The past is a foreign country.
This is your guidebook.
A time machine has just transported you back to the fourteenth century. What do you see? How do you dress? How do you earn a living and how much are you paid? What sort of food will you be offered by a peasant or a monk or a lord? And more important, where will you stay?
The Time Traveler's Guide to Medieval England is not your typical look at a historical period. This radical new approach shows us that the past is not just something to be studied; it is also something to be lived. All facets of everyday life in this fascinating period are revealed, from the horrors of the plague and war to the ridiculous excesses of roasted larks and medieval haute couture.
Through the use of daily chronicles, letters, household accounts, and poems of the day, Morti-mer transports you back in time, providing answers to questions typically ignored by traditional historians. You will learn how to greet people on the street, what to use as toilet paper, why a physician might want to taste your blood, and how to know whether you are coming down with leprosy.
From the first step on the road to the medieval city of Exeter, through meals of roast beaver and puffin, Mortimer re-creates this strange and complex period of history. Here, the lives of serf, merchant, and aristocrat are illuminated with re-markable detail in this engaging literary journey. The result is the most astonishing social history book you're ever likely to read: revolutionary in its concept, informative and entertaining in its detail, and startling for its portrayal of humanity in an age of violence, exuberance, and fear.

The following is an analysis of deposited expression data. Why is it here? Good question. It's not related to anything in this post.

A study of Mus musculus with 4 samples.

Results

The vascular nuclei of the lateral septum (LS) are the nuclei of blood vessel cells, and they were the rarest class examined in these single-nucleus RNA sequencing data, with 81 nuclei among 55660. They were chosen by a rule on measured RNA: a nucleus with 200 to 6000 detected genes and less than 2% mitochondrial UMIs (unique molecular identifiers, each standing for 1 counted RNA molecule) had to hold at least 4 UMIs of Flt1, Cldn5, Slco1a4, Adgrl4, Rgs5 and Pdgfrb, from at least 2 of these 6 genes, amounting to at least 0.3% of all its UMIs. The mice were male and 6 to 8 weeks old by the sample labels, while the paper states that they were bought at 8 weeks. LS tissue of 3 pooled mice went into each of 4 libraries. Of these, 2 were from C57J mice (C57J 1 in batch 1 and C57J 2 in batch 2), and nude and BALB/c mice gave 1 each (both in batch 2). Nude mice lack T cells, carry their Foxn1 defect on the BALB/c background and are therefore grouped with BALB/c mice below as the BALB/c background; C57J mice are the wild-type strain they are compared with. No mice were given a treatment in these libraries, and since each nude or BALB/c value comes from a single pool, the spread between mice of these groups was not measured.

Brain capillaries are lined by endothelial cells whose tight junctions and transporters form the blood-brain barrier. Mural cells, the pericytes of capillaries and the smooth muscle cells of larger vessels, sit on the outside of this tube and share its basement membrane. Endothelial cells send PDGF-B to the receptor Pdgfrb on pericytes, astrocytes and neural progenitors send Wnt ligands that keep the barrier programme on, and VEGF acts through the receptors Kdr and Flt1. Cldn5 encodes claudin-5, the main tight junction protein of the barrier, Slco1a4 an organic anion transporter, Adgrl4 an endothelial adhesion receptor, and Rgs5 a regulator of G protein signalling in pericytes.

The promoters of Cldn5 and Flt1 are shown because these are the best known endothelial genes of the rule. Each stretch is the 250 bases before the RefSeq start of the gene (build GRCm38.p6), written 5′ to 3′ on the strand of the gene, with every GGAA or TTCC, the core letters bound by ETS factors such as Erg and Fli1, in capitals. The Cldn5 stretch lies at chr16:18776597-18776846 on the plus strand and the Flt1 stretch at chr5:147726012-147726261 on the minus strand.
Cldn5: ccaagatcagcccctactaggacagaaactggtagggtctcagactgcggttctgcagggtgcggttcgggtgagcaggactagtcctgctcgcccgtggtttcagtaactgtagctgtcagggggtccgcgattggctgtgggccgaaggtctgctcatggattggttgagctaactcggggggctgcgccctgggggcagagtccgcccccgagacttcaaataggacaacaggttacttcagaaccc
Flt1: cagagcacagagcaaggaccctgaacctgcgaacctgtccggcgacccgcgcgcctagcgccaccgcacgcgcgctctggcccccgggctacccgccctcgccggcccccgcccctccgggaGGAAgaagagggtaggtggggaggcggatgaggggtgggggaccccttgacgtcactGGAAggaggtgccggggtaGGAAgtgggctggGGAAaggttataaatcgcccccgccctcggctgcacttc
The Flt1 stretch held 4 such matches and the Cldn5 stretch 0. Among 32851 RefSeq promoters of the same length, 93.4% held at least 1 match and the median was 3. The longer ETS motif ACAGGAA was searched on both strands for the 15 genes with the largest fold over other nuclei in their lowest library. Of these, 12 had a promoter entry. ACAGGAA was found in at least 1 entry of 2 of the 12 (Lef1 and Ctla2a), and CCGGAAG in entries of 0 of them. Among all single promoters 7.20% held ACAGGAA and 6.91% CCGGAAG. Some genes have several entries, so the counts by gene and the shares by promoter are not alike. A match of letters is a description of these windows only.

In this compelling volume, Medieval history expert Mortimer (The Fears of Henry IV) transports readers to jolly, squalid old England for a thorough survey of everyday 14th century life. Going beyond the "nasty, brutish and short" of it, Mortimer's immersive visitor's-guide approach to popular history gives readers a seamless sense of being there. The population is young-"Half of the population is aged twenty-one or less"-but incredibly diverse. The idea that social classes were distinct and few-fighters, prayers, and farmers-gets exploded in Mortimer's examination society and the Medieval character, including everything from humor and juggling to mariners to doctors. Mortimer even argues, convincingly, over relative standards of hygiene ("to regard a medieval kitchen as 'dirty' because it has not been wiped down with modern detergent is to apply our own standards inappropriately"). He also looks at the role of period's four greatest writers of the time , and reveals the horrors of contemporary medicine (with terrifying descriptions of the plague) and law (the outskirts of every town were decorated with the hanged corpses of minor criminals). Mortimer's toungue-in-cheek vistor's guide is an impressive accomplishment, turning 600 years of history transparent to give 21st century audiences a clear view on Medieval life.
I can't stop reading this book! It's so perfectly researched, full of details. It's also fun and easy to read. Quite different from every other history book out there. I can't wait for his next book to come out!
Does Not Display Well on IPad
The book is interesting, but at times a bit dry. I had thought that the author was going to describe 14th century life via a story of a traveler. He sort of does in a rather abstract manner. I enjoyed the book, The Year 1000 more. I was very disappointed in the IPad display. Columns did not align well with presentation of tabular information, the illustrations were small and could not be zoomed into for closer inspection, and annoying typographical errors throughout.